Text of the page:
Finding My Love in Language

Janet Steigler

I’m not sure I would have met my husband, Paul, if it wasn’t for the fact that we both talked “funny.”  By funny, I mean we had distinct accents—his from Boston and mine from Long Island. Our paths first crossed in the language lab at SUNY Albany, where we were part of the Russian Linguistics graduate program. I had just returned from a four-month exchange program in Moscow, and the faculty wanted to gauge how much my comprehension had improved. Paul had learned Russian in the Air Force and finished his undergraduate degree at Boston College.  As a new program recruit, he was taking the test to establish a baseline.

Although I was sort of dating someone else at the time, this “older man” intrigued me. (Okay, he was only three-and-a-half years older, but that combined with his Air Force background gave him an aura of worldly wisdom not typically associated with the more self-absorbed student population.)  He also had thick, wavy hair that curled under his ears, a beard streaked with red, and a plaid flannel shirt rolled halfway up his forearms, displaying a set of strong, attractive wrists. You know—the lumberjack look.

We sat next to each other in one of the program’s elective courses, a seminar on English Dialectology.  The professor frequently highlighted our respective phonetic and semantic speech variations to make his points about regional dialects in the northeast United States. The instructor wasn’t making fun of us—in fact, he encouraged us to be proud of our dialects—but you can’t help but feel a little beleaguered when repeatedly singled out for scrutiny. In a weird way, it helped us bond, as though we were allies in a fight against linguistic discrimination.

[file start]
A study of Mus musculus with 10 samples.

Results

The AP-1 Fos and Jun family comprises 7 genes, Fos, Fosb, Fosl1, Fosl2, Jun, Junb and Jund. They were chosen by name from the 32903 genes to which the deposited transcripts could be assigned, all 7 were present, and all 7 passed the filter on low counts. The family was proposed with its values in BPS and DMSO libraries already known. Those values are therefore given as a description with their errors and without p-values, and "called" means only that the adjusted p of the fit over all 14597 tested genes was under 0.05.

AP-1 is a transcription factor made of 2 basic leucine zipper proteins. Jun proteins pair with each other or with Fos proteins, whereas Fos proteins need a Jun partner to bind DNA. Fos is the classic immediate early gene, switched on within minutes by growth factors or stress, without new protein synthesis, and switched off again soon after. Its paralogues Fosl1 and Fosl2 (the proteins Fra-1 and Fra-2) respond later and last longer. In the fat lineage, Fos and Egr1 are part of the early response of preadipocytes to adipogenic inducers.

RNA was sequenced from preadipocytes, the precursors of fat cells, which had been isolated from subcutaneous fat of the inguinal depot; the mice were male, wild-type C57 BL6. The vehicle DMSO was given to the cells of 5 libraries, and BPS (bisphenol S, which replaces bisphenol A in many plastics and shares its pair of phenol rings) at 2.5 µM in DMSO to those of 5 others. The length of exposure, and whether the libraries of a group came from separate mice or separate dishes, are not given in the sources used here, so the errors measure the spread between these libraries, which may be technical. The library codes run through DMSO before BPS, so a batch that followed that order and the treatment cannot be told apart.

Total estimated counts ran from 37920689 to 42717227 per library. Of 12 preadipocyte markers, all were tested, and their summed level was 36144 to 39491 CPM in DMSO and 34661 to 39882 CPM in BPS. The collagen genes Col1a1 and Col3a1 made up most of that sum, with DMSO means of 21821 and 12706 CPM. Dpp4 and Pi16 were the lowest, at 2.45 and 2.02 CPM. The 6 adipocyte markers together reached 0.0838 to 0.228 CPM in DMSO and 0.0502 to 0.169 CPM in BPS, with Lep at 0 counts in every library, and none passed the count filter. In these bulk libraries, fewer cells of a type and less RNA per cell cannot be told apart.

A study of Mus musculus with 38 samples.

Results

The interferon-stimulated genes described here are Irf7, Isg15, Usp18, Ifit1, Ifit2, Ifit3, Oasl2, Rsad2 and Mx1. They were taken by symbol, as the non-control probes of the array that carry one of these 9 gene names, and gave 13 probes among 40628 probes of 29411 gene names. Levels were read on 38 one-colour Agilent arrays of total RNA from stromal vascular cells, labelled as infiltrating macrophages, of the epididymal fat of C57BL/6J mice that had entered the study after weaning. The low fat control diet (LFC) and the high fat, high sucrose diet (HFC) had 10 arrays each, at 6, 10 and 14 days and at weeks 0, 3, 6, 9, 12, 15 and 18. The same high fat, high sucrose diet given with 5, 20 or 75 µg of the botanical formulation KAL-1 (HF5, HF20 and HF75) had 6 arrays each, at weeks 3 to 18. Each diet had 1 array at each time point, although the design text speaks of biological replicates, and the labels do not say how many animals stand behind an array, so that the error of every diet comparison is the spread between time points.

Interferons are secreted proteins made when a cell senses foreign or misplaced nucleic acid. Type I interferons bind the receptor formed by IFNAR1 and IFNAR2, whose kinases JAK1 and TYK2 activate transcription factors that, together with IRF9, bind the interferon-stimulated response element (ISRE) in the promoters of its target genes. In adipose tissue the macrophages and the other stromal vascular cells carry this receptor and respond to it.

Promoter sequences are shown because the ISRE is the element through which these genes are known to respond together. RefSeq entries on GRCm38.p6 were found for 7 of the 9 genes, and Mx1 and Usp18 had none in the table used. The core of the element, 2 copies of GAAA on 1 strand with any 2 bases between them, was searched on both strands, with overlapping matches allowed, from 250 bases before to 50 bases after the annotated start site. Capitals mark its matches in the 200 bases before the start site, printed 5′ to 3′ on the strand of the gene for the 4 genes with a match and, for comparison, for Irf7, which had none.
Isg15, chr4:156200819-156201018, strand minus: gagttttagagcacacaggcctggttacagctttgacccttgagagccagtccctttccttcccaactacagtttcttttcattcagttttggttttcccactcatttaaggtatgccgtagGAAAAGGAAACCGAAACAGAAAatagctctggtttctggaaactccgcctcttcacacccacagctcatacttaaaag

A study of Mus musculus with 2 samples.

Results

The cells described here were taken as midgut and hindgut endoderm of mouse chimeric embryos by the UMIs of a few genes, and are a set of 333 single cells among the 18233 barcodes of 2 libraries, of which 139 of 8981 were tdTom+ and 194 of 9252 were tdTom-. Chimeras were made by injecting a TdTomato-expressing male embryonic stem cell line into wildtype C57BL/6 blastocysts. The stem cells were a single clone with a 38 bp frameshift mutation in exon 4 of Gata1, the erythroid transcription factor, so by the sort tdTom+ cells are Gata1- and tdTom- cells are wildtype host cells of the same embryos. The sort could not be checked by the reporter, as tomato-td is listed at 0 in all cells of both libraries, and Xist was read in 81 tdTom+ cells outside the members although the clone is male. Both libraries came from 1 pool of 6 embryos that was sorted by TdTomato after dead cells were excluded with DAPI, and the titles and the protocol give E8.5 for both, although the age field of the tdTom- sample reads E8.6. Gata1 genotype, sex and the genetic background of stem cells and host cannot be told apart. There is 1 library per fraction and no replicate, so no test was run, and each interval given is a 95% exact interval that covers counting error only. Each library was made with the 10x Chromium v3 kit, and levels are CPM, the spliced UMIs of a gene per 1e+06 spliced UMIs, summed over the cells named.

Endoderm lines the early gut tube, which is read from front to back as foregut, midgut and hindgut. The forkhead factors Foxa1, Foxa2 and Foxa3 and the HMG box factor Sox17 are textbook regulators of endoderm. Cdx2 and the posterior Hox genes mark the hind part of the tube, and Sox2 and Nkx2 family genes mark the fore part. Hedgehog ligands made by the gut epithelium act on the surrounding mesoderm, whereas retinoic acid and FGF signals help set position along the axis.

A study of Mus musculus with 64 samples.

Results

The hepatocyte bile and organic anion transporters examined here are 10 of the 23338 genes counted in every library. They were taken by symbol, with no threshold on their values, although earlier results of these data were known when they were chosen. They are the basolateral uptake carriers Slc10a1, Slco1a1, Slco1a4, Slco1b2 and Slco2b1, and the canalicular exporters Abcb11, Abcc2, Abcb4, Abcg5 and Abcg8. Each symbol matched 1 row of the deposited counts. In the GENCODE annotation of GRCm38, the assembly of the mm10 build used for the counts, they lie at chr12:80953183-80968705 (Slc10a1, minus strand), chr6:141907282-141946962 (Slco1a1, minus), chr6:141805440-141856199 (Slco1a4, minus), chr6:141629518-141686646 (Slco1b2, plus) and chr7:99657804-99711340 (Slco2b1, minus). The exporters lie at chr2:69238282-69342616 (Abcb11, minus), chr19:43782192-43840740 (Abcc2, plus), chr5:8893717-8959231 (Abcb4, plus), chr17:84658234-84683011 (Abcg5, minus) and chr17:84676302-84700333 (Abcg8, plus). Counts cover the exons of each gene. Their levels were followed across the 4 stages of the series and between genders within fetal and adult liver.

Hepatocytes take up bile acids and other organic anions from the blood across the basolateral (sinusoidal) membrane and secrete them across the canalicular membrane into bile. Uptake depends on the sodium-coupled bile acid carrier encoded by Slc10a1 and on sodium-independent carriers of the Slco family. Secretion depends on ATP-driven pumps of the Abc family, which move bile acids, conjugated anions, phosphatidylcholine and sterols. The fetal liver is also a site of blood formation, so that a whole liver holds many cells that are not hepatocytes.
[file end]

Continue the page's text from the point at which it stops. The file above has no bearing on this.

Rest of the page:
At the end of the seminar, the professor announced that the final was open-ended:  we could do whatever we wanted, alone or in teams, to demonstrate or elaborate on a lesson from the class. I convinced Paul that we should join forces and perform a skit in which a fast-talking New York girl tries to pick up a preppy Harvard grad but is foiled by their phonological and semantic misunderstandings. Of course, this required us to get together several evenings over dinner to craft the dialog and practice our roles. It was the easiest “A” we ever got, and it was also at one of those evening “rehearsals” that I earned my first kiss.

By March, our relationship was becoming more serious, so with my parent’s permission, I invited Paul to spend Easter with our family on Long Island. However, about two days before our departure, Paul announced that his grandmother had died, and he needed to attend the funeral. My mother was skeptical; she suspected he got cold feet about meeting the parents and came up with the dead relative excuse.   I was disappointed but a bit pleased to know he had a close relationship with his family.

The holiday was uneventful until the day after Easter when the phone rang. It was Paul. “We just buried my grandmother,” he said, “so I can come down and pick you up.”  And although grandma wasn’t even cold in the ground, Paul drove the five hours to our Long Island home the very next day to take me back to Albany. Needless to say,  my parents were very curious to meet this guy. Luckily, they loved him as much as I did, and the rest, as they say, is history.